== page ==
Have you ever noticed how marketing people never seem to do anything? They ‘action’ things instead.
This is a field where buzzwords are boss, and if you’re not down with the lingo you can sometimes feel like people are speaking another language. If people aren’t growth hacking, their newsjacking or reimagining consumer-oriented cyber optics. Did I make that last one up? Yes. Does it mean anything? Who knows! Do any of these words?
The problem with this practice, which largely involves combining multiple words into one super word or turning nouns into verbs (I call it verbing), is that consumers are becoming increasingly shrewd, and their tolerance for BS is getting lower. More often than not, they are tuning out altogether at the slightest whiff that someone is trying to sell them something.
One of the beautiful things about language is that it is constantly evolving, so there is nothing wrong with adding new words or phrases to your vocabulary or having a bit of linguistic fun – after all, Shakespeare gave us 1700 new words, many of which we still use today, by turning nouns into words, verbs into adjectives, combining words, adding prefixes and suffixes, and just plain making up new ones. We can thank The Bard for words like ‘excitement’, ‘bloodstained’, ‘remorseless’, ‘lacklustre’, ‘impartial’, ‘moonbeam’, ‘premeditated’, ‘obscene’, ‘blushing’ – even, believe it or not, ‘marketable’.
But one of the other beautiful things about language is that it allows us to express ourselves and be understood by others.
If we litter our lexicon with meaningless terms, what message are we trying to convey? That we are knowledgeable professionals full of esoteric expertise? Ironically, it seems that the easier it is for us to communicate, the less we are actually saying.
So, without further ado, here are a few of this year’s popular marketing buzzwords:
Freemium: when the basic version of a product or service is free, but you are frequently encouraged to upgrade to the “premium” experience – which will cost you, of course.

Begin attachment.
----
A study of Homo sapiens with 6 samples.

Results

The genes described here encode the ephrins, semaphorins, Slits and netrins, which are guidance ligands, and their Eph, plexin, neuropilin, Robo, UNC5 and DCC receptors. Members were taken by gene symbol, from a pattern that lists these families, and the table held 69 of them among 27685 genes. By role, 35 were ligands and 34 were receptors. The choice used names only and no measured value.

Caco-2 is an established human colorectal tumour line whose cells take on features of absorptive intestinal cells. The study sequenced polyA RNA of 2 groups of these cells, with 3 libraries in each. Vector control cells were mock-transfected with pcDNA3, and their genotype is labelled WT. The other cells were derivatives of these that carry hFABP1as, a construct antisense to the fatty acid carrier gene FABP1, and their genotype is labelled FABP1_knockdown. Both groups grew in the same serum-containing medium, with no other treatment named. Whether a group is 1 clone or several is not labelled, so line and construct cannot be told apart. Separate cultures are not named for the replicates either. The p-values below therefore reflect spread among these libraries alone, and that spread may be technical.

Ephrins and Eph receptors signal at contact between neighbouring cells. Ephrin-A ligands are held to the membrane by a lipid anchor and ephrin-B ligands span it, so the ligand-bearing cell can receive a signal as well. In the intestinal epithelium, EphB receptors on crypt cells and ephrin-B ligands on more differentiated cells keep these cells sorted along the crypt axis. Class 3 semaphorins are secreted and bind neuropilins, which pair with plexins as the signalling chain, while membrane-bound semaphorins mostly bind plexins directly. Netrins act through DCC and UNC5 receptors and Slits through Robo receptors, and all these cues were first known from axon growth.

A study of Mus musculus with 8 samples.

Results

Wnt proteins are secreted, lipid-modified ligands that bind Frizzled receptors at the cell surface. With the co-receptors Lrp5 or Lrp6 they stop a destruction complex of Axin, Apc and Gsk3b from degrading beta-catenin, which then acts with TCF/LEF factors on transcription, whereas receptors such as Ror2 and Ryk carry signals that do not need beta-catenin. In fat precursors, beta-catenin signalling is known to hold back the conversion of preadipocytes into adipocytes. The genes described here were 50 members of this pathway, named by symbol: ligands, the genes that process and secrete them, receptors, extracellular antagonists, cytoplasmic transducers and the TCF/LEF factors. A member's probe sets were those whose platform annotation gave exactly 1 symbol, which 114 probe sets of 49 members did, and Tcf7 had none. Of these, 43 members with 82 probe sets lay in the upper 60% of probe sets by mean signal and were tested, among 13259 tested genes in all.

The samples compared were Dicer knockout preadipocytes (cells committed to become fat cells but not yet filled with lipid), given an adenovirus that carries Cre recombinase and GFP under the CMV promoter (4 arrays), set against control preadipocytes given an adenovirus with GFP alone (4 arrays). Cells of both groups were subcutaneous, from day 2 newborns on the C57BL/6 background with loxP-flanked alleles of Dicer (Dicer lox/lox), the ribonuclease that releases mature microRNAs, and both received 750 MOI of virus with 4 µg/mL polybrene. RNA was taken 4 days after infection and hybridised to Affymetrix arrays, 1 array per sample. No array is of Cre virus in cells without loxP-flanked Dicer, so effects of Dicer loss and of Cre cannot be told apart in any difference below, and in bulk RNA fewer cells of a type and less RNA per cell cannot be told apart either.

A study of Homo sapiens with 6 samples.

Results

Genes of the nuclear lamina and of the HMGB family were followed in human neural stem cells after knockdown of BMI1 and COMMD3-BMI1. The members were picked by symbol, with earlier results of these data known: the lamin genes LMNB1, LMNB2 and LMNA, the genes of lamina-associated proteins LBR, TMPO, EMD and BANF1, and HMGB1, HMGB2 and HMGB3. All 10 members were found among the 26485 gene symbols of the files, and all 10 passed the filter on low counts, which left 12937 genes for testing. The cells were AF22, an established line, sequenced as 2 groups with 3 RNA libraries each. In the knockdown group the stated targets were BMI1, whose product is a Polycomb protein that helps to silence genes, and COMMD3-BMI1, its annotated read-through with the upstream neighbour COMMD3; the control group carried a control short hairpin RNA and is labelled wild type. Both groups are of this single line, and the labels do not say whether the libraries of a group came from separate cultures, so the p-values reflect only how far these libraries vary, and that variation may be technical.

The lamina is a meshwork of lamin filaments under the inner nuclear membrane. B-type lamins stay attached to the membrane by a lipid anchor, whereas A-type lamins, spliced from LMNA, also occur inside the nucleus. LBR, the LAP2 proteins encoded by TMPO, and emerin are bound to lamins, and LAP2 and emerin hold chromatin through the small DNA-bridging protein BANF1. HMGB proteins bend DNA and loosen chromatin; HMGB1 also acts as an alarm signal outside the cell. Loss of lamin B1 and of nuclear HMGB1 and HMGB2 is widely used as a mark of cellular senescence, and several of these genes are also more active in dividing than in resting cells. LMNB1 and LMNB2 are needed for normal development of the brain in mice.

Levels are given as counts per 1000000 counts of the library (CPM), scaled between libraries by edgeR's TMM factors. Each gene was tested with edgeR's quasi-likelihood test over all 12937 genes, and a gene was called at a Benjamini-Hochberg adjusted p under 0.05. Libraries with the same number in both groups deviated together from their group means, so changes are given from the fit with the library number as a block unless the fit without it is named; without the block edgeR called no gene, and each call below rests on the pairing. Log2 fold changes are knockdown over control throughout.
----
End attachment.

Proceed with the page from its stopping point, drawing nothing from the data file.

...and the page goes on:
Ideation: a port-manteau of “idea” and “creation”. The process of coming up with ideas.
Pain points: the problems that consumers experience, which you would ideally solve for them.
Netiquette: internet etiquette.
Hyperlocal: even more local than local. Very local. This word is brought to you by advertisers using GPS tracking to geographically target customers.
Growth hacking: taking shortcuts to build some kind of following or getting creative with free marketing strategies.
Storyscaping: this one relies on the premise that consumers are fickle and easily bored, so ads are largely ineffective – instead, design worlds for your users and suck them into your story that way. Or, to put it another way: it’s an innovative, 360-degree engagement experience for your target demo.
This is a very condensed list, and whether the above is jargon or innovative words worthy of inclusion in your day-to-day vernacular is something I’ll let you decide for yourself.
But while the above have a habit of creeping into boardroom discussions, where they are largely harmless and occasionally even make sense, whatever you do, try to keep them from popping up in your communication with customers, who will roll their eyes and immediately disengage from the message and your brand.
The best and most effective communication is direct and easy to understand, and therefore easy to remember. Because who these days has the time or inclination to wade through nonsensical gobbledegook?
I guess what I’m saying is life is too short, and YOLO.